Aussies Against Fracking
Gloucester is awaiting the decision on whether AGL can start fracking 300m from family homes. AGL want to start fracking as soon as possible.
The Gloucester community, landholders,
farmers and townsfolk blockaded the AGL fracking site in 2011, demanding that
the company do an independent water study before commencing. Those studies are
still not done.
Despite an expensive public campaign by AGL that they are 'listening to the
community' the water study still hasn't been done, but AGL want to start
fracking in 2013.
The excerpt above is from the April 2013
AGL's Community Update Gloucester Gas Project
Independent groundwater expert, Dr Phillip Pells has repeatedly warned that the risks involved with the AGL Gloucester project are "too high" to the community and it's river system.
"My biggest issue with Gloucester is we don't know. We just don't know [what the effects of the program will be],'' Dr Pells says.
MidCoast Water have also expressed concerns that AGL want to start fracking Gloucester before adequate water studies have been finalised.
The Gloucester gas wells are "high risk wells because they are on a fault line" - John Ross,
Water scientist under the pump
Nov. 13, 2013 -
Gloucester Advocate - As the council-appointed, AGL-funded, scientist tasked
with carrying out key water studies in the next 18 months, there is no doubt
Kate Johnson will be feeling a little pressure.
Among the four significant tasks Kate will complete in the next year a half is a
baseline water study of the Gloucester valley, a produced water study and a
flood study of the Gloucester and Avon rivers.
She will also be required to peer review studies completed by AGL as it moves to
begin stage one of its Gloucester Gas Project.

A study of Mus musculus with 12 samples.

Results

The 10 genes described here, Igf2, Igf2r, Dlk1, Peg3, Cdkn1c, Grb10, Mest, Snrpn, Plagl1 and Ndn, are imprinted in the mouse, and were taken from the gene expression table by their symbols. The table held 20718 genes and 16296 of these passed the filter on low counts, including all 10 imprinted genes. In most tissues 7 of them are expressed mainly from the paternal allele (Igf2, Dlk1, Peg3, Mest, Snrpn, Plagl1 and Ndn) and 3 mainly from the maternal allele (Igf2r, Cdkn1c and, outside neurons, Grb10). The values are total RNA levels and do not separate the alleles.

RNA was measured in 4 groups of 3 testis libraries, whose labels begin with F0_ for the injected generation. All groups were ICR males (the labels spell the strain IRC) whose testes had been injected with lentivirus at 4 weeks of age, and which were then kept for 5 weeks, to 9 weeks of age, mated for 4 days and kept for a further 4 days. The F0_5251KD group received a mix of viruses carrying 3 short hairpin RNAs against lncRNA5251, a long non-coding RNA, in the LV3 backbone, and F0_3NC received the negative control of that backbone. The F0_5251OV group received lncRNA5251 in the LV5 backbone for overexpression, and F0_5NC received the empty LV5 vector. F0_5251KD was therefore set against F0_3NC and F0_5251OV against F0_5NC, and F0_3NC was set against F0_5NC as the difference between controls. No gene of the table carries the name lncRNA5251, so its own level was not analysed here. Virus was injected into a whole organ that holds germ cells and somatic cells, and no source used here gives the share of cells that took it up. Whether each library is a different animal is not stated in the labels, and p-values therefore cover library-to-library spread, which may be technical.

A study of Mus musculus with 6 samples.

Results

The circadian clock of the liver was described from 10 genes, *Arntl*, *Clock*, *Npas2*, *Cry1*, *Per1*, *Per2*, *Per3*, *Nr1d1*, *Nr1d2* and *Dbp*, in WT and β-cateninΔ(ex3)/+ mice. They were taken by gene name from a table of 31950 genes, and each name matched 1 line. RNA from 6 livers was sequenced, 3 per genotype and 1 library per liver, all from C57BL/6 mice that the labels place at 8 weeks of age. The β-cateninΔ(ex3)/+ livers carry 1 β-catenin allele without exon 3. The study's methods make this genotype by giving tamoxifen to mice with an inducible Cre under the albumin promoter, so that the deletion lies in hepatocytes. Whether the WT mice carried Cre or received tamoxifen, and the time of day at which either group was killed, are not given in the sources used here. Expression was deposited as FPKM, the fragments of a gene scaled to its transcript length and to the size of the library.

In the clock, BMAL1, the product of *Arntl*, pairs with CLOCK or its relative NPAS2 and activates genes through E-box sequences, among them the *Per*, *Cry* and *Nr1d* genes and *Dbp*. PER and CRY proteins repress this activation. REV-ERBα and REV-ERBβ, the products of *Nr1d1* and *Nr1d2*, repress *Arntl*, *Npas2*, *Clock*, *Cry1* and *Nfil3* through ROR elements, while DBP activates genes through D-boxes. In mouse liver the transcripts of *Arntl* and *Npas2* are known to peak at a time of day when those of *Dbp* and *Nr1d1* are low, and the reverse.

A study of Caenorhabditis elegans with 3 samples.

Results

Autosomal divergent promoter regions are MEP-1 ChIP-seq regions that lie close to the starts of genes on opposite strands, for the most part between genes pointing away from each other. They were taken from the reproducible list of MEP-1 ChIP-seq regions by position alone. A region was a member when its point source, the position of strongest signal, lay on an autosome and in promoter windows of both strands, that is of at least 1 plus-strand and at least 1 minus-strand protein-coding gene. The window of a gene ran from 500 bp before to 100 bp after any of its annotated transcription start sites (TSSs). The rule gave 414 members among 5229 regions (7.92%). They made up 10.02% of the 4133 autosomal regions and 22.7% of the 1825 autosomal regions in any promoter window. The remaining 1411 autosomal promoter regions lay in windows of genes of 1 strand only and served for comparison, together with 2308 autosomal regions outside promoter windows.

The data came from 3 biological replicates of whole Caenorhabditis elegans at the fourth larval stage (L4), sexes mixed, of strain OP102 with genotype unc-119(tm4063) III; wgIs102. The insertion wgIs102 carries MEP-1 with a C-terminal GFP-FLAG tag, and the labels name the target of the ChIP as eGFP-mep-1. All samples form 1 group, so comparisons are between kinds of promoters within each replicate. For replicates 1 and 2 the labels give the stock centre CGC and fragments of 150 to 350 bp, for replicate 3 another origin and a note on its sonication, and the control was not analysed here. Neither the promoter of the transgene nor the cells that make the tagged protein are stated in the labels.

The findings Kate comes up with during her tenure as the valley’s water
scientist are sure to be heavily scrutinised, not just by council and AGL, but
also by the Gloucester public and those who both support and oppose coal seam
Council’s Environment and Sustainability manager Graham Gardner says Ms
Johnson’s task is not without challenges.
While AGL has provided the funding for the position, council is the body that
will oversee each of the studies as well as the peer review.
“The community is obviously really keen to get good information on any impacts
to its precious water resources,” Mr Gardner said.
“For the past two to three years it’s what they’ve been calling out for.”
CALLS TO EXTEND CSG ACTIVITY BAN IN
CATCHMENT AREAS TO THE STATE
November 13, 2013 -
NBN - The New South Wales Irrigators Council
is calling on the state government to extend a moratorium on CSG activity in
Sydney’s drinking water catchments to a state-wide ban.
The temporary ban covers so-called ‘Special Areas’ of Sydney’s drinking water
catchments around Wollongong and the Blue Mountains National Park.
The moratorium has been mostly welcomed by the New South Wales Irrigators
Council, however CEO Andrew Gregson says it must be extended state-wide.
“If water catchments are important enough in Sydney for a moratorium, then
clearly it’s important statewide.”
Jack's Road December 2011
In Australia, the controversial coal seam
gas industry is developing rapidly, with the corporate gas giants using their
influence on governments to introduce sweeping changes to environmental and land
Unlike the USA, in Australia the 'Crown'
legally owns the natural resources regardless of land title deeds and
traditional land use. Each state government administers exploration and mining
licenses and collects royalties from the companies.
AGL Energy gained conditional
approval for 330 gas wells from the NSW government, but the approval was
challenged in the Land and Environment Court. A decision on the judicial appeal
Land title searches indicate AGL has five properties around Gloucester, but the
company could require more holdings if locals harden their resolve.
The chairman of the Barrington-Gloucester-Stroud Preservation Alliance, Graeme
Healy, says AGL is expected to begin negotiating land access agreements if the
court throws out the appeal. If this fails, AGL may have to purchase more land.
“They will be hoping to convince
people to grant them access by paying large rental fees,” Healy says.
The Australian Securities Exchange-listed Gloucester Coal owns about 30
properties in the area, according to its environmental assessment documents,
while Gloucester Resources owns another five.